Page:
The recent meeting of Franklin Lewinson and his second cousin Klaus Manzel has been about 80 years in the making.
Lewinson, an 87-year-old Holocaust survivor living in Dresher, and Manzel, an 80-year-old native Berliner, united on Oct. 13 at Lewinson’s home. The two shared the story of the Lewinson family’s survival during the Shoah and Manzel’s plan to have a Stolperstein — a brass plate honoring victims of Nazi extermination — installed at the address of Lewinson’s family home in honor of Lewinson’s father Hans, who was murdered in Auschwitz.
Until a few years ago, neither knew of the other’s existence.
“I was shocked,” Lewinson said. “Because I didn’t even realize there was anybody still alive.”
Born in 1935 in Berlin, Lewinson, originally named Wolfgang, and his younger sister Renate spent most of their early childhood in Blumenstraße, the neighborhood where most Jews were relegated under Nazi rule. The family relocated from their Tempelhof home, where they were evicted, to Charlottenburg, and then to Blumenstraße in the same year. They were required by law to mark their doors with a Magen David.
Lewinson’s mother converted to Judaism in 1930 after marrying Hans, having grown up Christian. Her Christian maiden name, Ruckheim, and paperwork helped her find a job at a time when employment for Jews was scarce. While most Jews were assigned limited evening hours to shop — when most of the food was already gone — Lewinson’s mother was able to buy groceries during regular hours.
Her Christian paperwork was what saved her and her children’s lives, but Hans Lewinson was not as lucky. In 1943, after multiple arrests and imprisonments at Nazi labor camps, he was deported to Auschwitz on a train car carrying more than 1,000 prisoners. He was killed shortly after he arrived at the death camp.
The Lewinson children spent the years of 1940-1945 inside at their mother’s behest. She received no support from her Christian family, who all but abandoned her and joined the Nazi Party.
“I can remember leaving the house two times,” Lewinson said.
On a rare outing, Lewinson’s mother removed the yellow Magen David from her children’s clothing. They hid periodically at convents and farms, but only for brief windows of time.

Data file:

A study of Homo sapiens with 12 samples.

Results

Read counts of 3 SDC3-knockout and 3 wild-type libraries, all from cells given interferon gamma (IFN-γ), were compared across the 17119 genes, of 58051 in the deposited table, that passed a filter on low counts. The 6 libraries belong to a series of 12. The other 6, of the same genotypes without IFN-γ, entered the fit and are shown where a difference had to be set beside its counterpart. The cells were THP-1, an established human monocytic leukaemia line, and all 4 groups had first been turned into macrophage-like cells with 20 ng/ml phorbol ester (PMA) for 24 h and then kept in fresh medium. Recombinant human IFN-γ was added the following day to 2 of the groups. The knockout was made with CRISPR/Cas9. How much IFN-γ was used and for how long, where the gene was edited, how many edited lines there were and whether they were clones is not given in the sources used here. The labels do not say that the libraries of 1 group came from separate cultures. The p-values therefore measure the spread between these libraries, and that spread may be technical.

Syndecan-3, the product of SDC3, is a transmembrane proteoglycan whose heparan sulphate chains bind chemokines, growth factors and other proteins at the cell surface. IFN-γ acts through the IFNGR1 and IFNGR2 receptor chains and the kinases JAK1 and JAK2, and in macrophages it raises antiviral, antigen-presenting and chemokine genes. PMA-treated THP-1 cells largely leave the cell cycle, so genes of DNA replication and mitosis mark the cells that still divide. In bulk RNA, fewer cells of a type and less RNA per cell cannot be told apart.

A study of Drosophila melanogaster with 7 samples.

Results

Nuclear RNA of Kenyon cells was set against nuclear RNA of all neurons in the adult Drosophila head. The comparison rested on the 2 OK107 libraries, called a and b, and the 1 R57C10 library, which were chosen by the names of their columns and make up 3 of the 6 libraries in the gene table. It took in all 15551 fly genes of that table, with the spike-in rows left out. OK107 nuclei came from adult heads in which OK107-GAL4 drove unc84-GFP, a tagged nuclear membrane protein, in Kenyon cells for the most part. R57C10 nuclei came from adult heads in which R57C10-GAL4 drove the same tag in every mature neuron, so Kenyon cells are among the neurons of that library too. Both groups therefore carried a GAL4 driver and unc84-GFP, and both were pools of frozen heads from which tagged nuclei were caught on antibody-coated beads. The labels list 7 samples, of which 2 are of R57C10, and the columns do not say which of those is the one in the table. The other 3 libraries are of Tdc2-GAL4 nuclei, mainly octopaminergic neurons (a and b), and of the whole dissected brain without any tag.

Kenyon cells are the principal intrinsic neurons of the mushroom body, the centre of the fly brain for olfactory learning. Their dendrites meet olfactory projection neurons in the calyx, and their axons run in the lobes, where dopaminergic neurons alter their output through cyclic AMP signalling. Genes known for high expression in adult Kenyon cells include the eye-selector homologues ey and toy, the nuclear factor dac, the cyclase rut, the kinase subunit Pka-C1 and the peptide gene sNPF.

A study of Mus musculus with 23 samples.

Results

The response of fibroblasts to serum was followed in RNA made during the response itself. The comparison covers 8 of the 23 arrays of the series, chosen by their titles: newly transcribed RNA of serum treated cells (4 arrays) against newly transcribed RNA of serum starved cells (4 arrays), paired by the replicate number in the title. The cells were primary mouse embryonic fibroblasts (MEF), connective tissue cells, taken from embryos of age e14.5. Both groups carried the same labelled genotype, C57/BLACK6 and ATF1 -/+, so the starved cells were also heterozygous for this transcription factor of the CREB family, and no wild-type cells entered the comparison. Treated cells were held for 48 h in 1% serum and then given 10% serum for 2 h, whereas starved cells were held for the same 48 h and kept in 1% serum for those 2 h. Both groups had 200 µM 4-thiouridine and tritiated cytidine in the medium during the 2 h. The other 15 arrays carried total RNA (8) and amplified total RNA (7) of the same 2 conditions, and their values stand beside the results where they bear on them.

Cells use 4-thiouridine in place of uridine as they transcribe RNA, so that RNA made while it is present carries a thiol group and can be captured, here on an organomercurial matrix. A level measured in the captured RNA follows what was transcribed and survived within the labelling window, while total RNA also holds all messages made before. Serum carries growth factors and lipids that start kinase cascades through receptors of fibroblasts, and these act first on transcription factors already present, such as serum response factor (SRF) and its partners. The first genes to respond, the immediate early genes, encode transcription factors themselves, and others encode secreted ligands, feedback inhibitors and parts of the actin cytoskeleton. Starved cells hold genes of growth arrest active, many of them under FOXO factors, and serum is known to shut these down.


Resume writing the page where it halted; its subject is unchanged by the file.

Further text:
Fortune continued to be on Lewinson’s side. The family came to the U.S. in November 1946 on a troopship. His mother’s status as a single woman with two children allowed the family to immigrate early. The American Jewish Joint Distribution Committee helped the family settle in Jackson Heights in Queens.
After a two-year stint in the Army stationed at Fort Dix and Poitiers, France, Lewinson moved with his family to Lakewood, New Jersey. He met his wife Betsy there, and the two married in 1982, moving to Blue Bell in 2000, and to Dresher 15 years later.
Lewinson’s lack of family knowledge was not through lack of trying, Betsy Lewinson said.
“Wherever we have been — we’ve been to Auschwitz, to Yad Vashem in Israel, elsewhere … no one could ever trace his father,” she said.
Across the sea in Germany, Manzel’s grandmother had kept in touch with Lewinson’s mother until her death in 1987. Manzel knew that Hans had been arrested and that the Lewinsons were living in America. With the help of his daughter Julia Flood, who’s now a therapist in San Jose, California, Manzel was able to find Renate in New Jersey and contacted her and Lewinson in 2020. The family exchanged letters, emails and WhatsApp messages.
“For that generation, everyone had died out because they lost their husband, or they didn’t have children,” Manzel said through Flood’s translation. “So [I] was just curious to see if there was anybody left and what became of them.”
During the war, Manzel’s family was afforded some protection by their Christian status, but Manzel’s father was anti-government, and the family was never affiliated with the Nazi Party.
The dedication of a Stolperstein was a way for Manzel to memorialize Lewinson’s father and do his part in continuing the Shoah’s legacy of “never forget.” The stone will be installed in January.
Though Lewinson can no longer travel to Berlin to visit where his childhood home once stood, Manzel plans on attending its dedication.
“The stone will be right smack in the middle of a completely new complex, where you would never know [a Jewish family lived there],” Manzel said. “That street has a new name, but the whole point of the memorial stone is that you wonder, ‘What is this?’. What will be useful is to stumble upon it and pause and consider and hope that something like that will never happen again.”